Friday, April 12, 2013

The Amazing Spider-Man | Is Peter Parker Autistic?

Though it's not exactly timely, a though occurred to me in the car yesterday that finally put the latest installment in Sony's Spider-Man franchise, starring Andrew Garfield.

I had read that Andrew closely modeled his posture and behavior on actual arachnids, to give Peter Parker a more alien, more alien vibe. He achieves this with great affect. Post-mutation, Peter Parker is a strange, cocky little fellow who moves like something a little more or a little less than human.

Before that bite, however, Peter is sort of … well, spectrum-y1.

Peter is emotionally closed off at school, very reactive, not all that talkative, despite for all purposes appearing geek-chique handsome, sporting stylish hoodies and military jackets, and possessing cool interests: skateboarding, photography with a $3,000 camera. It is out of his character to stand up for a bullied little person, or to speak up in class. He is dumbfounded at being engaged by a pretty girl. (Granted, it's a skinnier-than-usual, blonde version of Emma Stone, dressed like a naughty schoolgirl, but still.) The point is Peter Parker seems to be someone with abandonment issues who doesn't understand how other people work outside his close-knit family unit. He has no trouble lying to his aunt or placating authority figures, but he will do his own thing quietly and resent dealing with the "normal" outgoing jock-types, who also appear to be enormous, dickish bullies

No, this isn't much more atypical than your average high school loner, but it's a new spin on Peter Parker. Traditionally, Peter has been the Nerd, the skinny boy who was transformed overnight into a disproportionately strong, super-sensing super-man. He was a nerd, a geek, a loser. He had few friends, sure, but predominantly he was a boy-genius with little aptitude for girls, sports, or alpha-male behavior. He was the first 40 minutes of Revenge of the Nerds.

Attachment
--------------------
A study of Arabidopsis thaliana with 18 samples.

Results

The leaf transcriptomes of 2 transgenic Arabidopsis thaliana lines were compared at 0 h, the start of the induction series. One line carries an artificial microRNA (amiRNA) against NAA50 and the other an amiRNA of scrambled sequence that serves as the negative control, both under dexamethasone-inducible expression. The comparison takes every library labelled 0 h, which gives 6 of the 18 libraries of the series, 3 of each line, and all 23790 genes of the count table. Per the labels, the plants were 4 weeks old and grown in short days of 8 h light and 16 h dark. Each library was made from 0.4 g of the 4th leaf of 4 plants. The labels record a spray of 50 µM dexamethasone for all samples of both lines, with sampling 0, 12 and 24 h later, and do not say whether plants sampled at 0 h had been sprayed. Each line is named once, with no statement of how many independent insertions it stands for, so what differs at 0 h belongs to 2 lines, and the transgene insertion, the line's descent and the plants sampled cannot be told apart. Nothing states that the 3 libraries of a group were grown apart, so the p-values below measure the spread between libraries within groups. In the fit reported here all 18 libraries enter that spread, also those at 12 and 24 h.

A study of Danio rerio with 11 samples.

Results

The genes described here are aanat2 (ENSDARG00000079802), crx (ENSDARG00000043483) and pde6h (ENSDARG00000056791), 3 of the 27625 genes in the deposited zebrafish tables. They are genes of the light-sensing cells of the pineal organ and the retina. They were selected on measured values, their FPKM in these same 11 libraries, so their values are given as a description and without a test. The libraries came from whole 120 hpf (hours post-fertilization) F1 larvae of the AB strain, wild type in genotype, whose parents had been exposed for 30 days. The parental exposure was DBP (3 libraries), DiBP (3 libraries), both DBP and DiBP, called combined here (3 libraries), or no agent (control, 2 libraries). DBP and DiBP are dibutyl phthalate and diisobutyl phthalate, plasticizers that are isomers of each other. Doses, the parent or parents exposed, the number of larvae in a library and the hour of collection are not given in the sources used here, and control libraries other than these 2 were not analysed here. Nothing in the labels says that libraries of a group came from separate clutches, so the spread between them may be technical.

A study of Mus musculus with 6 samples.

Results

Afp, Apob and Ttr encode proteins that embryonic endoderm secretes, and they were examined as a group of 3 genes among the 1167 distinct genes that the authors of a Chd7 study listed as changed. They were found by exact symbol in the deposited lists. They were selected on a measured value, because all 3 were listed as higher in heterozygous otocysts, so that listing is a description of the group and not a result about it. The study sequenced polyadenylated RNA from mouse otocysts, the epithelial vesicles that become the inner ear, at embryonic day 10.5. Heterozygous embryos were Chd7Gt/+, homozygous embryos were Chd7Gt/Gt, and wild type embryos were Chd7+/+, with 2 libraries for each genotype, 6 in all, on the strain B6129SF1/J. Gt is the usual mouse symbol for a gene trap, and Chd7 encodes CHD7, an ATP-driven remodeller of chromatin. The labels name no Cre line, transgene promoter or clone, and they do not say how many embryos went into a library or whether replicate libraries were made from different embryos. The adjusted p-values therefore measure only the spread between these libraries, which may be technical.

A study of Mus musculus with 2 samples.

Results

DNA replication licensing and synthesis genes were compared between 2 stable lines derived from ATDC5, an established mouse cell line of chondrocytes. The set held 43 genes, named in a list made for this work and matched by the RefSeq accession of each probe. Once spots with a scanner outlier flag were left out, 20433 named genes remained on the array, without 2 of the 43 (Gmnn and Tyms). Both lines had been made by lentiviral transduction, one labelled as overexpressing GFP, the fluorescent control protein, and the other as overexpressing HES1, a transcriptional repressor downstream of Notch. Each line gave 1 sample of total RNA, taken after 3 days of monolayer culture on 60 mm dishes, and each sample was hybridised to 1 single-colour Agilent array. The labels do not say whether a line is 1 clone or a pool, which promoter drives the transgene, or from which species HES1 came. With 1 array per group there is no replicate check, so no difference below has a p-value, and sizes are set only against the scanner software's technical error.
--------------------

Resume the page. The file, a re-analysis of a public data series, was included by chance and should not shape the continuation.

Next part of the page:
So why not play the same? I mean, yes, you're trying to reboot a franchise that only finished a few years previous, but is it a necessary change? The two easiest ways to bork up a reboot is to follow the source material too closely or not closely enough. Peter has always been a nerd. Tobey McGuire nailed that. Why change canon law?

Because nerds rule your computer right now, and your computer rules your life. The audience knows that. Half the audience of a Spider-Man movie is that nerd. However it has nothing to do with alienating your target demographic:

The only way for Peter Parker to be a social outcast in a world full of increasingly common nerdiness is to make him more socially stunted, and that means withdrawn to the point of emotional underdevelopment.

Gwen Stacy is a genius in her own right. She is strong-willed and empowered. Flash Thompson may be an alpha-douche, but he damn-well knows how to sext a girl, browse Facebook, and follow Dita von Tease via Twitter. All Peter's classmates, and probably a few faculty members are all over the Internet and integrated with their PCs. That interest in science that made Peter an outcast for much of the character's history is just part-and-parcel for the average teen now.

The only way to alienate Peter from his peers is to remove him from the social networks. He can't understand them. He can mirror them, utilize them, but he can't be allowed to understand the intricacies by which they function. He can school Flash on the basketball courts, but he has to be punished for it the way Flash never could be. Peter has to be physically incapable of joining up with the status quo of high school culture.

Peter has to be a little spectrum-y to be who he always has been but no longer can be.

1 We used to say "Aspergers-y, but now we have to use "Autism Spectrum Disorder-y" THANK YOU VERY MUCH DSM-V.
2 Actually, one bully. Flash Thompson. This school has about 6 people with speaking rolls.
3 I promise you he's really a nice guy once he realizes in college he was a douche, especially after joining the military and losing both his legs overseas.

1 comment :

  1. A fascinating discussion done by Moviebob on Youtube discusses this and has some great points.